Saturday, February 26, 2011

Wind in the Fur

There are many simple pleasures in life for dogs but near the top for many is a car ride and this was certainly true for Erin. From an early age she was exposed to the unyielding wind that whipped through the vehicle like a vortex as a result of multiple windows being lowered. There was no whining, yelping, or panic in her eyes just a look of contentment as the airflow swept downward and pounded the tiny creature for all its worth. The little butterball of a dog's face displayed nothing but happiness and that expression would continue for the remainder of her years. As Erin grew in stature and was able to see out the window, she discovered the ultimate source of bliss...shoving her head out the window. Generations of canine dna ensured that a car ride was not just a car ride but an experience to be enjoyed time after time.

"Go for a ride" was the magical phrase to get Erin's tail wagging while immediately moving towards the door. As the driver door was opened, in a flash she leapt upwards onto the seat, over the center console and into position upon the rear seat where she often gave me the look of "why are we not moving." Without fail the right rear window was lowered so she could scope out the passing scenery and enjoy the ride at her discretion, which usually meant her standing to fully extend her head out or in a sitting stance with her eyes darting in every direction. The right rear seat was her vehicle throne, where she maintained order in the castle on wheels and from this perch her sworn enemies could be easily spotted.

Squirrels were of the utmost importance and never far from Erin's mind, lucky for her they could often be seen scampering across the roadway, sprinting parallel to the car, or enjoying nature unaware of ogling eyes. A squirrel being spotted was as exciting as life got, there was uncontrollable passion when one was spotted and I'd do my best to slow down so the occasion could be extended. It was not unusual for me to chauffeur her around residential areas until the sun set, often passing the same house several times during these periods of elation. Whenever the urge to return home hit, a peek in the mirror convinced me otherwise as Erin's big beaming smile propelled me onward during these joyful moments.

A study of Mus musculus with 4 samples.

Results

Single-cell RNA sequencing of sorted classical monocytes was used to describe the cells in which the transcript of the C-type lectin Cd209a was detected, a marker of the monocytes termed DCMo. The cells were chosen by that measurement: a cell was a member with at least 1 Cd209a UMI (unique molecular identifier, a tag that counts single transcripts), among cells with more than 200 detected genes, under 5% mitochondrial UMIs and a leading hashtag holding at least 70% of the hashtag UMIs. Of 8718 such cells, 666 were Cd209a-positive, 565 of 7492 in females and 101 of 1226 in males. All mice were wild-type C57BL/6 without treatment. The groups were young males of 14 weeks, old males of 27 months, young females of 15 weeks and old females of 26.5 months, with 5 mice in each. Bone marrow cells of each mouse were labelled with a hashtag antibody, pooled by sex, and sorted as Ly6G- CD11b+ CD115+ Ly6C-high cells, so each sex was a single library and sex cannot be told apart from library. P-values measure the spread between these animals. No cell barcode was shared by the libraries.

Car rides in Europe were not spent crisscrossing adjacent neighborhoods but rather journeying great distances to view some of the most breathtaking scenery imaginable. Snow rain or shine, her head darted in and out of the window as the horizon was scanned for something of interest which was usually found in the form of some animal wandering near the roadside. If boredom overtook her, a sprawled out sighing dog was the result and that was totally unacceptable so the first available rest stop was sought for rejuvenation. The roads of a dozen European countries were trod upon with Erin's happiness being a major reason that we traveled frequently, her wind in the face smile gave me infinite joy and that was enough reason to keep on moving.

Regardless of the destination, rate of travel, or route taken, a car ride was as exciting as it got for Erin. It's impossible to not see her facial profile in the side mirror after so many years together, often I swear she is still in the back seat glancing my direction then surveying the passing landscape. It was a simple pleasure for sure but it meant everything to her and that's all that matters. RIP Erin!!


  1. R I D E is one of the many words we have to spell around our three dogs or else chaos will ensue! The vocabulary that dogs have is amazing.

  2. Beautiful post! I miss my Bijoux 7 year old Bichon he passed a few month back. He was as precious. Erin is gift treasure her!